Car and Driver logo Car and Driver 7/18/2019 Tony Quiroga

a car parked on the side of a road: The 2020 Nissan GT-R NISMO is the latest and greatest of the current generation, first introduced in the United States as a 2009 model. That's a lot of years of evolution on a car nicknamed Godzilla for its beastly performance qualities and a lot of years for competitors to introduce fresher rivals, which makes the recent steep price escalation a little harder to swallow.
If you were hoping for an all-new Nissan GT-R, we’re sorry to disappoint you. Well, it’s really not our fault that this is the same GT-R you’ve known for a decade. It’s been a long 10 years for the GT-R—for all of us, actually. Competitors have caught up, surpassed, and made Nissan’s big supercoupe seem like an anachronism. But Nissan hasn’t neglected the GT-R. In the interest of keeping it relevant, the company has bestowed incremental powertrain, chassis, and design changes. The 2020 GT-R NISMO is the latest and greatest evolution of the GT-R, aimed more at the track than ever before.


Now, if you were hoping for more power under the hood, there isn’t any. Not that the NISMO needed more horsepower, as the twin-turbo 3.8-liter V-6 remains at a seriously engaging 600 horsepower. The turbochargers are new and have the same part numbers as the ones used on Nissan's GT-R GT3-class race car. Chosen for their efficiency and responsiveness, the new turbos help the GT-R’s V-6 force you right into the new lighter Recaro seats in which we drove in Europe. These won’t be coming stateside; we’ll soldier on with the current seats. While you’re hurtling down the road, you might notice that the mighty V-6 pulls through only six gears. That's because the gearbox dates back to a time when six ratios were deemed sufficient. At least the shifts are quick, and with launch control initiated, the big coupe hurtles to 60 mph in about 3.0 seconds. The transaxle sounds a bit quieter than before, too. The clunks and whirrs of previous GT-Rs appear to have been exorcized. Switch the transmission to the newly revised R-mode, and it downshifts under braking, holds gears through corners, and generally makes using the paddles superfluous.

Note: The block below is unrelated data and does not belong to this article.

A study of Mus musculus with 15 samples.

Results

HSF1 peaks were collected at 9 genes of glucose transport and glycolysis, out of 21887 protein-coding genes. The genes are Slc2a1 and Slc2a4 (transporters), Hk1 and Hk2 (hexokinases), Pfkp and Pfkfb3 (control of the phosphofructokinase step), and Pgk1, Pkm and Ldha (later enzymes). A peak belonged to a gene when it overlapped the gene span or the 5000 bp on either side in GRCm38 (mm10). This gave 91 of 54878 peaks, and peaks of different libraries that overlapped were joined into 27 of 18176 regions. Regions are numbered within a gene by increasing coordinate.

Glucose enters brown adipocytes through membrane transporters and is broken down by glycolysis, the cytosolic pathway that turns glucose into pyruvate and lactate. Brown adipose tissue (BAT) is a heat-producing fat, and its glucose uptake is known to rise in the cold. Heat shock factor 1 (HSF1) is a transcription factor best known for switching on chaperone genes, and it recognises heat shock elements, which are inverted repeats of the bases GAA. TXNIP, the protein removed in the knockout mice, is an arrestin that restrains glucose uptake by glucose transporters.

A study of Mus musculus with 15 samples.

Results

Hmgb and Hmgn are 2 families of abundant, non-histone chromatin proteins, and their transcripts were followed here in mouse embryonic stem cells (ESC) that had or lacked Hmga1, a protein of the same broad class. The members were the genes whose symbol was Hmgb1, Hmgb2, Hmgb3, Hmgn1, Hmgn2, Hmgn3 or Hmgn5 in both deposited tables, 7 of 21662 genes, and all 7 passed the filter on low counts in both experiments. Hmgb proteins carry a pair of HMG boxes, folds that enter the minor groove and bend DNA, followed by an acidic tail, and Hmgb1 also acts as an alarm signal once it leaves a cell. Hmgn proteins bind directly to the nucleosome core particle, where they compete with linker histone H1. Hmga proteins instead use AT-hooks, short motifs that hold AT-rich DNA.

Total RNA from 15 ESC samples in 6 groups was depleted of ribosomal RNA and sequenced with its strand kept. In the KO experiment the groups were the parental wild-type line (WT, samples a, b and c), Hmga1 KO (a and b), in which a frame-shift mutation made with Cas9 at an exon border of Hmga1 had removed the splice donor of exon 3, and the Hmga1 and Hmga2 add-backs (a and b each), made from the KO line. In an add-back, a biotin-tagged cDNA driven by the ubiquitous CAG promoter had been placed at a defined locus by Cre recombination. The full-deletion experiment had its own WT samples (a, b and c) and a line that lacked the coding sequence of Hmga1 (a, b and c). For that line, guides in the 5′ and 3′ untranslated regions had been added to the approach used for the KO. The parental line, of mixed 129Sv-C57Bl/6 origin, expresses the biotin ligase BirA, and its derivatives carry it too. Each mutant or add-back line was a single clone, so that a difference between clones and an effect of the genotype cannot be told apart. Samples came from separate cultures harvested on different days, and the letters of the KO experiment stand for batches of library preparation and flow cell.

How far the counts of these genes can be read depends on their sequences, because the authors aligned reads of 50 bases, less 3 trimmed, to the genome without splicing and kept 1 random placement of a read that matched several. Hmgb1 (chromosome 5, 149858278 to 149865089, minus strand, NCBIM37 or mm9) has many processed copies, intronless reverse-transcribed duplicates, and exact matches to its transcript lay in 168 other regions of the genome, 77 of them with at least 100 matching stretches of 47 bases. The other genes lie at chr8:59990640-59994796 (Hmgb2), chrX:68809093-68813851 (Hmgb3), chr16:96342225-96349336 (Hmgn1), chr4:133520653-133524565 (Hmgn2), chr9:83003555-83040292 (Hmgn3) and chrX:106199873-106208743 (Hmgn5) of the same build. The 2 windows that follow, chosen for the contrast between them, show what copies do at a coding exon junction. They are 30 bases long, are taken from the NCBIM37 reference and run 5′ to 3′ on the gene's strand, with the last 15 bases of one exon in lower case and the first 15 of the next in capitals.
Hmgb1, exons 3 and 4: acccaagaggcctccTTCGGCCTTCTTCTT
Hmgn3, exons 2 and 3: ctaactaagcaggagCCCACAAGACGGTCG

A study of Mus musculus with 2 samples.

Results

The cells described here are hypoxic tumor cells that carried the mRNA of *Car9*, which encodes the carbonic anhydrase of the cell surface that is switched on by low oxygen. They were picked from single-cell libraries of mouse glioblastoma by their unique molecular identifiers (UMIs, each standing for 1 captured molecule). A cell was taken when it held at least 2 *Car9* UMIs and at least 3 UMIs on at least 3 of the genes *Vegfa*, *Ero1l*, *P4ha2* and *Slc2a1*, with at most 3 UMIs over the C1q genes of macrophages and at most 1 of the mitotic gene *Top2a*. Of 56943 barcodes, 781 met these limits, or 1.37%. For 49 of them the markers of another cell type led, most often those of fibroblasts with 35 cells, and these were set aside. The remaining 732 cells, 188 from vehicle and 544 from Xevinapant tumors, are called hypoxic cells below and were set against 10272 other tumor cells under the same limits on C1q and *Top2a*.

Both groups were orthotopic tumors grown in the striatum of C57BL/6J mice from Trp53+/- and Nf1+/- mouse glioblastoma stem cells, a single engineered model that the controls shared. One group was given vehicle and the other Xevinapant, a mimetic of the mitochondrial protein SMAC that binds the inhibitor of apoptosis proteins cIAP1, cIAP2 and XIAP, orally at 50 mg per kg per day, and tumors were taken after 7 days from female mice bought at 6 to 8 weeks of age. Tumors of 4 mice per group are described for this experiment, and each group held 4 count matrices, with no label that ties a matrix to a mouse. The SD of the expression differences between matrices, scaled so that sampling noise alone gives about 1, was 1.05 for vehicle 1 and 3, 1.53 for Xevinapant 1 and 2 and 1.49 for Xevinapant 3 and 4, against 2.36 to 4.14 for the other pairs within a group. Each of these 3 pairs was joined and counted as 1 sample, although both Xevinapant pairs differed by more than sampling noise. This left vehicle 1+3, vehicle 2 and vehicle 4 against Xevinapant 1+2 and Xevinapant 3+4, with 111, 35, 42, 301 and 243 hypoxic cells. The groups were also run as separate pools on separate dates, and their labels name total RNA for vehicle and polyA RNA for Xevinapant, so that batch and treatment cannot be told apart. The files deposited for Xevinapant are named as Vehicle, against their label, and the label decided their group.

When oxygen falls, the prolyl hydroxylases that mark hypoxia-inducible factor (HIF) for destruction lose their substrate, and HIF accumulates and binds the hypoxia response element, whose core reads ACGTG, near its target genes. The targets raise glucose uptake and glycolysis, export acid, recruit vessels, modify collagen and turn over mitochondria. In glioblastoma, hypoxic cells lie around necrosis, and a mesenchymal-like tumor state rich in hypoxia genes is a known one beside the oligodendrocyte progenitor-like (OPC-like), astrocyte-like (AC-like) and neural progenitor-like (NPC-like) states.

a close up of a car: 2020 Nissan GT-R NISMO© Nissan 2020 Nissan GT-R NISMO

Holding this weighty V-6 beast in check are new carbon-ceramic brake rotors. In front, you get 16.1-inch discs pinched by six-piston calipers, while out back there are 15.4-inch rotors with four-piston calipers doing the grabbing. Add up all four, and the new brake system removes 35 pounds of unsprung weight from the GT-R. On track (the EuroSpeedway Lausitz south of Berlin), the brakes took down triple-digit speeds again and again, but the pedal stroke lengthened after a few laps. Some of the long pedal may have been due to the overactive stability control system working the brakes on track. Switching the stability-control system to the more permissive R-mode used the brakes less, which seemed to keep the brake-pedal pressures consistent.

A new carbon-fiber hood replaces an aluminum one, and the roof is now carbon fiber for a savings of 13 pounds. The carbon fiber extends to the front fenders, which now have pressure-relieving vents that also contribute a bit of downforce to the nose. Combined, the fenders shed another 10 pounds from the front end.

a car parked in front of a mirror posing for the camera: 2020 Nissan GT-R NISMO© Nissan 2020 Nissan GT-R NISMO

New tires from Dunlop were developed just for the NISMO and have massive outer tread blocks to help this Godzilla fight its nemesis, understeer. Mothra is another Godzilla nemesis. Measured against today’s performance cars where 305-section front tires are now a thing, the GT-R has relatively narrow tires—255/40R-20 in front and 285/35R-20 in the back—but the grip of the new tires didn’t make us wish for additional width.

a car parked on the side of a building: 2020 Nissan GT-R NISMO© Nissan 2020 Nissan GT-R NISMO

All of these upgrades add up to a riot of a car. But, unless you just looted $212,435 to buy one, the NISMO strikes us as crazy expensive. The price is $35,190 more than last year’s NISMO or double the price of the regular GT-R, a car that has 565 horsepower and would definitely scratch nearly anyone’s GT-R itch. If you really must have a 600-hp version, the Track model costs only $147,235. Let’s not forget that 10 years ago the GT-R started at $70,475. A decade later Nissan wants three times that amount? It seems like a lot of money, and the list of cars we’d rather have for that price is seriously long. The NISMO’s many improvements render age only a number, but the number on the window sticker is a different story.